I've just gone back to the future.
Here's the anthesis of Brett's "soft keyboard" post.
Just replaced my Logitech wireless keyboard with a modern version of the classic IBM Model M. (Has the "Windows" and "menu" keys, and a USB interface - produced by the company that acquired the patents from Lexmark, which acquired the patents from IBM).
What is the IBM Model M? It's the classic IBM "AT" keyboard, with the "clicky" keys. IBM patented the "buckling spring" mechanism which is responsible for it's unique feel. Though I can't prove it, I would imagine what IBM had in mind was to replicate the feel of the Selectric keyboard.
Whether you love or hate typing on it, you have to admit, it throws off an aura of solidness. I suspect this keyboard was as responsible for the success of the IBM AT as anything. I just love things that have that certain "snick".
Not sure if this is going to help or aggrivate my aching knuckles, but one thing I noticed right away - a 10-20 WPM increase in typing speed. (I measured it - 70wpm on the Logitech, and 80-90 on the Model M.)
I did give some thought to the Thinkpad-type keyboard. As mentioned in the previous article here, you can get that keyboard in a desktop configuration. Not bad for a notebook keyboard, but it's always seemed a bit too petite for me. (I have an A31p Thinkpad, so was able to try it out.) Maybe the desktop version has larger spacing. What killed that for me is it only seems to come in black. I like seeing the keys at night, thank you!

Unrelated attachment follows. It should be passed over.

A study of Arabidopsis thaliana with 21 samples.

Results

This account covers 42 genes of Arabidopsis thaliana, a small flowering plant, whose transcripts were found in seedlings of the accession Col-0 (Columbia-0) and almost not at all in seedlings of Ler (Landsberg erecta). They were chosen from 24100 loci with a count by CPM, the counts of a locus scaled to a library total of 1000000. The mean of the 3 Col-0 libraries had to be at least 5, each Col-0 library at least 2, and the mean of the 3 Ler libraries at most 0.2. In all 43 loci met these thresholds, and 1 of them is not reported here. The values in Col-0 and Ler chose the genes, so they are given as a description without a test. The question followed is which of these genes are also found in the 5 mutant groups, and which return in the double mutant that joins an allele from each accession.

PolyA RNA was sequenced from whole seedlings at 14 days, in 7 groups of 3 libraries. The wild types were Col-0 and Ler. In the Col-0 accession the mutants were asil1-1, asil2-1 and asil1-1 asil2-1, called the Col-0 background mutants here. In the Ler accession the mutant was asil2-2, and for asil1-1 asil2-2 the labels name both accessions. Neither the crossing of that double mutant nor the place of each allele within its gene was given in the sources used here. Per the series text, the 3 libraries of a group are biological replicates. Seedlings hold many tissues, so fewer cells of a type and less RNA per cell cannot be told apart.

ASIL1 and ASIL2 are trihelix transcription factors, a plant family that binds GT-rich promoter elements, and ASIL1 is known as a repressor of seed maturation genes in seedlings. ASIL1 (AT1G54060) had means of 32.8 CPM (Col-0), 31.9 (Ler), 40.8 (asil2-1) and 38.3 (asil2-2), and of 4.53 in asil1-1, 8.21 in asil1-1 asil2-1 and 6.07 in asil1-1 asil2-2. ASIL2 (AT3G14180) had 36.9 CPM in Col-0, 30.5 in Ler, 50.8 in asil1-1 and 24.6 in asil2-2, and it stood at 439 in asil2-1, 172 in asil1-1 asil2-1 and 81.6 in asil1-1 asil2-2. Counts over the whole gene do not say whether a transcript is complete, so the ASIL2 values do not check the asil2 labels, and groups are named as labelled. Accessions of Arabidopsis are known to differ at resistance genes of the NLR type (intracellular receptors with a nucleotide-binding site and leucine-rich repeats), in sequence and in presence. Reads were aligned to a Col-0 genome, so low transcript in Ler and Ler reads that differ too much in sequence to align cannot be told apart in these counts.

Anyone else here use a classic model M, or one of the modern versions? I'm curious if there is a big difference - there seems to be a difference of opinion on this - some claim the modern ones just aren't the same as the classics. I have to admit, it doesn't seem *quite* the same, though it's hard to judge - it's probably been 15 years since I've had my fingers on a Model M.
Oh, for the ultimate coolness factor, I ordered a set of re-legendable keys - clear covers fit over special blank keys. My intention is to replace the keys on the numeric pad (who uses those?) and use some key-remapping software. Not sure what I am going to put there, but I suspect "copy" and "paste" are my first candidates.
BTW, a major urban legend about these keyboards is that they are either mechanical or capacitive keyswitches. I don't think any were ever produced with mechanical switches, though a few early ones were indeed capacitive. Nope, they are just rubber dome, like just about any keyboard made today.
The magic is all in the buckling spring. When the spring buckles on the way down, you know that it has made contact (not because you are hearing it make contact, but because the spring has been engineered to buckle at a point where positive contact has been made.) Once you hear the sound, you can release the key without fully bottoming the key out. Only had the thing for a day, so I haven't yet gotten back the light touch that is all you need.
Enough with the soft keyboards! Anybody else have a favorite "clicky" keyboard?